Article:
Aug 2nd, 2018 by Issuu

As a student, there’s no better way to share your voice, ideas and creativity with your community than through the pages of your own publication. Having the freedom to publish content you’ve created and share it with your peers guarantees an unmatched feeling of accomplishment and pride, whether you’re a high school journalism student or Editor-in-Chief of a collegiate fashion magazine. School magazines provide an outlet for students to create and express in ways that they might not otherwise get to; student-run publishing gives students a platform.

Creating Your Own Student-Run Magazine

Of course, some schools don’t have publications already established, or maybe those that exist just aren’t your thing. It can be daunting to build a new publication from the ground up, but rest assured that your fellow students will be there to lend support all along the way.

Types of Student-Run Publications

Now that you’ve decided to create your own publication, you might be wondering exactly what it will be about: campus news? Fashion? Culture? All of the above? There’s also the question of the type of publication you want to make — a traditional broadsheet newspaper, or maybe a glossy full-color magazine? The possibilities are truly endless, and that’s part of the magic of having full reign over the content you create.

Tools for Your Student-Run Magazine

With the Issuu Story Cloud‘s suite of integrated digital publishing products, now it’s simple for young creatives to get their content seen. Create once, and share your Student-Run Magazine everywhere with Issuu. From Issuu Stories, t0 Visual Stories, Full-Screen Readers, Digital Sales and more — the possibilities for your content is endless.

Learn more about how to leverage the Issuu Story Cloud today.

Inspiration for School Magazines

To help you get started, we’ve chosen a  few of our favorite student-run publications on Issuu, from zines to newspapers and everything in between, that provide great examples of how you can format your work and highlight its contents.

Hoot Magazine

Hoot Magazine is a fashion publication from Columbia University, combining beautiful photographs and thoughtful reflections to explore culture in New York City and the fashion industry. Hoot is a great example of blending multiple topics into one publication — there’s no reason to feel like you have to focus on one subject and one subject only.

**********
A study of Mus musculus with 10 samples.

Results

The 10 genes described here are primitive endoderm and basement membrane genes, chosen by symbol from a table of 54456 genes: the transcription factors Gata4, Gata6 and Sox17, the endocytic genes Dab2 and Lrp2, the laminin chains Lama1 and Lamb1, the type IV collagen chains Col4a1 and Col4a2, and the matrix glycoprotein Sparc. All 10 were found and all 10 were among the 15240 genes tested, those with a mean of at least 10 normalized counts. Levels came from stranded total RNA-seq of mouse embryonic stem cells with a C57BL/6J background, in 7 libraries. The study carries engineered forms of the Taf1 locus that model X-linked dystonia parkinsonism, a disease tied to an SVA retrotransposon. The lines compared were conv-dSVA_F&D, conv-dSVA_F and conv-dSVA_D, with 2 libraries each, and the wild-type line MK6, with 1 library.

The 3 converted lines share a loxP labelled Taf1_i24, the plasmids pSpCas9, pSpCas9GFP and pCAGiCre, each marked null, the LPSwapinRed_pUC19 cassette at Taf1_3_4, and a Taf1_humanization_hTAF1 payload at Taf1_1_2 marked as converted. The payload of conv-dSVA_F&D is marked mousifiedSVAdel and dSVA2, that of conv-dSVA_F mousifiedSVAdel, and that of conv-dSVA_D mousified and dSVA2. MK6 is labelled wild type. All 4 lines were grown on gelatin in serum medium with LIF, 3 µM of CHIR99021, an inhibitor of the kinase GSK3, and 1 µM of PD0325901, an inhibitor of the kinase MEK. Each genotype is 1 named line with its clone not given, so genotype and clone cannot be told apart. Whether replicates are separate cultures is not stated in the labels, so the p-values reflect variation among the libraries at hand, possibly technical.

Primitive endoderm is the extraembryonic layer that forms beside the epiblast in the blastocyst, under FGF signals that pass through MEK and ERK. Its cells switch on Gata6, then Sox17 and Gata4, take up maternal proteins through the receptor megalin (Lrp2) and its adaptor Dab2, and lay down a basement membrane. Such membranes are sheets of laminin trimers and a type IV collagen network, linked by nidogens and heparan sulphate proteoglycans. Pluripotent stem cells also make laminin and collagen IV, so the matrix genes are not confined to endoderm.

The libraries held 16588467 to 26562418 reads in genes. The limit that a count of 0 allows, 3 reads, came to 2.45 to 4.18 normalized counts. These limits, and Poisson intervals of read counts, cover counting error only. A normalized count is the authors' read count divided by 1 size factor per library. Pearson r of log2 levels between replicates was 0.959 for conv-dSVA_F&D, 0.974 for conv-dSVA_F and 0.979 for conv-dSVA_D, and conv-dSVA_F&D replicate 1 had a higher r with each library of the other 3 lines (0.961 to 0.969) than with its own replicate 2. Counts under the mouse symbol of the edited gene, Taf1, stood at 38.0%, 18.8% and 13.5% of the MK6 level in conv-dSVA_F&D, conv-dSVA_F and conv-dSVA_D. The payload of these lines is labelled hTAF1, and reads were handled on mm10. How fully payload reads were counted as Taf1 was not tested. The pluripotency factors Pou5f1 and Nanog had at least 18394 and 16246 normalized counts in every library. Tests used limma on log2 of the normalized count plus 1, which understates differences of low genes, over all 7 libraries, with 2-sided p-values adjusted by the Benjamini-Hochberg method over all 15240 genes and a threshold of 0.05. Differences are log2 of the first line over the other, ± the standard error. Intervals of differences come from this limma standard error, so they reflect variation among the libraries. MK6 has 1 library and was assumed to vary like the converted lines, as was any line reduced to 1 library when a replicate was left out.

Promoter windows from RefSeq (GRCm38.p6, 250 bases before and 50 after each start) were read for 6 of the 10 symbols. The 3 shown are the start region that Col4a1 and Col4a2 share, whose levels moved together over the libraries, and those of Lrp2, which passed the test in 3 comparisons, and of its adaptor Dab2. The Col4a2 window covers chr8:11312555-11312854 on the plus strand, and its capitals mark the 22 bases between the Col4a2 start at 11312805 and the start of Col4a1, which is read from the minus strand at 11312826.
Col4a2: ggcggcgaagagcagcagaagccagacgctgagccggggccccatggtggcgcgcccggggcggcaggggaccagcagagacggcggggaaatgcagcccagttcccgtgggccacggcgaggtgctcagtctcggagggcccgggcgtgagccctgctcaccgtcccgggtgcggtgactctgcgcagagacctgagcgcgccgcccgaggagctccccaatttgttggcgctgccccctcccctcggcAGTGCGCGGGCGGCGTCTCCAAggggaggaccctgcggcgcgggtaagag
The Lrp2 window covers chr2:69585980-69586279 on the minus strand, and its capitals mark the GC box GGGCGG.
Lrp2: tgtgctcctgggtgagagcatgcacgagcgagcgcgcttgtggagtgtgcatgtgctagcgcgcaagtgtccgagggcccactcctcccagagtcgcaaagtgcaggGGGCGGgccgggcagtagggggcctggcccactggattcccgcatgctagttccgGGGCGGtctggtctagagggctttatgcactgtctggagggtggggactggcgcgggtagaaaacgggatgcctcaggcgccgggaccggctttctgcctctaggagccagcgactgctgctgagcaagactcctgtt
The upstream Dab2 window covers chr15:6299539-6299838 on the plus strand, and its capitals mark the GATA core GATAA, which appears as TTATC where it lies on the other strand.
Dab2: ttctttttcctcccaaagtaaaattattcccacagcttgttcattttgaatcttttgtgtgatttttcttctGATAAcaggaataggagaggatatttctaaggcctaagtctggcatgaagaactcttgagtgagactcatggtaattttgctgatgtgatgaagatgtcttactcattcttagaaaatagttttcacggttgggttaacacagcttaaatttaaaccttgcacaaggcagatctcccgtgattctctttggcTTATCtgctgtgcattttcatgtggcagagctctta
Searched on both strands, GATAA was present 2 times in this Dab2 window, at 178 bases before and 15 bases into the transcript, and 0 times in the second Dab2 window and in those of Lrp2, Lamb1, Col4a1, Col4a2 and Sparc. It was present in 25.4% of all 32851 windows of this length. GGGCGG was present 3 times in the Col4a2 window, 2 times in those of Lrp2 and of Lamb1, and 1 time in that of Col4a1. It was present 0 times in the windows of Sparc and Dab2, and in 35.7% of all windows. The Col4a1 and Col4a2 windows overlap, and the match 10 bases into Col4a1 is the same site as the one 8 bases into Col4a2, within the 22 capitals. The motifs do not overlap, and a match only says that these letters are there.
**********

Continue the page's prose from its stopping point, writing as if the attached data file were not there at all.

The Campanile

The Campanile is Palo Alto High School’s monthly newspaper, covering school and local news, lifestyle and sports. The Campanile features full-color illustrations and designs within a 24-page newspaper format, and branches beyond the local community to report on current events in the worlds of tech, athletics, healthcare and entertainment. Don’t shy away from newspapers for fear of them seeming “boring” — the versatility of having multiple sections allows you to cover a wide range of topics, and who doesn’t love sitting down with a cup of coffee and a newspaper in the morning?

The Eagle Eye

The Eagle Eye, Marjory Stoneman Douglas High School’s newsmagazine, focuses on news, features, arts, editorial and sports stories that are relevant to students. From political activism to local restaurant reviews, The Eagle Eye publishes articles that cater directly to the student body and unite the school community. This newsmagazine shows how you can concentrate your publication to have a direct connection with readers, while building a dedicated following.

theLook Magazine 

Have a great publication idea but not sure how to lay things out? Check out theLook Magazine for some killer design inspiration. This fashion and lifestyle magazine from Connecticut College combines a multitude of exciting features within each issue into one gorgeous and cohesive design. Your content and the way in which you display it is very important and theLook Magazine is absolutely killing the design game.

Spoon University

Love food? Then you’ve probably heard of Spoon University, a community of young influencers covering everything food related on college campuses around the world. Founded at Northwestern University, Spoon takes one simple topic — food — and explores its many facets, whether it be recipes, tips for healthy eating at school, the best places to eat in a number of major cities and even critical advice for navigating college life, like removing greasy food stains from clothing. Spoon proves that specializing your publication in one area isn’t as limiting as it may sound, rather, it allows you to dive deep into the topic and gain readers who are just as passionate about the subject as you are.

No matter how you decide to put together your own student-run publication, there will always be plenty of readers, in both your school community and on Issuu, who love your work. So, what are you waiting for? It’s time to get publishing!

To see more school magazines that are student-run, check out our Speak Up: Student Publishing stacks!